Here's how four working mothers are doing a year into the pandemic
March 24, 2021. Summarized by summa-bot.
Compression ratio: 26.5%. 2 min read.
It was only supposed to be for a few weeks. A few months at most. One year ago, when the pandemic shut down offices and schools, many working parents were forced to shoehorn their working lives and the school lives of their children into one place: their home. And they had to figure out how to manage it all at once. Millions are still doing it.
One year ago, when the pandemic shut down offices and schools, many working parents were forced to shoehorn their working lives and the school lives of their children into one place: their home.
When CNN Business spoke with a handful of professional women at the dawn of shutdowns last March, they were gamely organizing their work lives around their children being at home as if preparing for a collection of snow days or a quirky staycation -- planning fun cooking projects and hiking with the kids while on conference calls.
Last March, Maira Wenzel was toggling between keeping her two kids on task with online school and taking work calls in her children's playroom, which was a quiet place away from her husband -- who was fielding his own work calls.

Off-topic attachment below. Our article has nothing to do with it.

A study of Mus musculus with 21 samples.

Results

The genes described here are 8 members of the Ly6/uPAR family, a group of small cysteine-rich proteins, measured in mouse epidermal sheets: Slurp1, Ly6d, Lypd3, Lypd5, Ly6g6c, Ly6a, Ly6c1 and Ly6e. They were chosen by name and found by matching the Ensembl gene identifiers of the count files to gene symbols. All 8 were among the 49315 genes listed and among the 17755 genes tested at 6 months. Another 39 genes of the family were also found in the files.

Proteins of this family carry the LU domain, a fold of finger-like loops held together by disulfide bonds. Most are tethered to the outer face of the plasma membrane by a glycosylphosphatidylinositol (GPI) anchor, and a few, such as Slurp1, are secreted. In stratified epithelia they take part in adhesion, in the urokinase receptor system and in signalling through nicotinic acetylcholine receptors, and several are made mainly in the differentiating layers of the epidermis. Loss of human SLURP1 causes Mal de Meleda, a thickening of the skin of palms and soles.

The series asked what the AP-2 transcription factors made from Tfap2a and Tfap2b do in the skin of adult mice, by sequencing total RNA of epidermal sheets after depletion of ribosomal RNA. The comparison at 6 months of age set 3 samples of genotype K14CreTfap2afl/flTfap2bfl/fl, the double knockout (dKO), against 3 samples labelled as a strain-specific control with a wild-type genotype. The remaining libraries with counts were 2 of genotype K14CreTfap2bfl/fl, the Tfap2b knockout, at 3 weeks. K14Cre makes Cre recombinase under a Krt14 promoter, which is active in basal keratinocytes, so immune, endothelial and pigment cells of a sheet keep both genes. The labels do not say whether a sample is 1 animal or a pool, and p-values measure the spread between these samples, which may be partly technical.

Microsoft, where Wenzel and her husband both work, was open to people working remotely permanently, she said.
Katie Perez, her husband and their two elementary school-aged daughters settled into a reliable routine after work and school went remote.
"I am not a person who has ever done well doing the same thing every day," said Perez.
That, along with more connected time with her children and some modest improvements in their life skills, like doing the dishes and staying on top of their school work, have been the big wins for her this year.
"It has been a hard, emotional year," she said.
But online school has left her kids struggling, she said, and most of its management -- not to mention the endless tech support -- has fallen to her.
Together, the three families with five elementary school-aged kids between them (Coomber's 5-year old twins don't participate) take turns hosting a day of remote school.
So she worked harder, she said, to show her employer her value, all while struggling to cover her bills with less income.
Meanwhile Carrithers, who lives with her boyfriend, was also caring for their two-year-old, making sure her 10-year-old was safe once he returned to private school in the fall and helping to support her boyfriend's two middle-school-aged children learning at home.
Financially, the year has put her behind, she said.
Last month, Carrithers returned to full-time work and got off unemployment.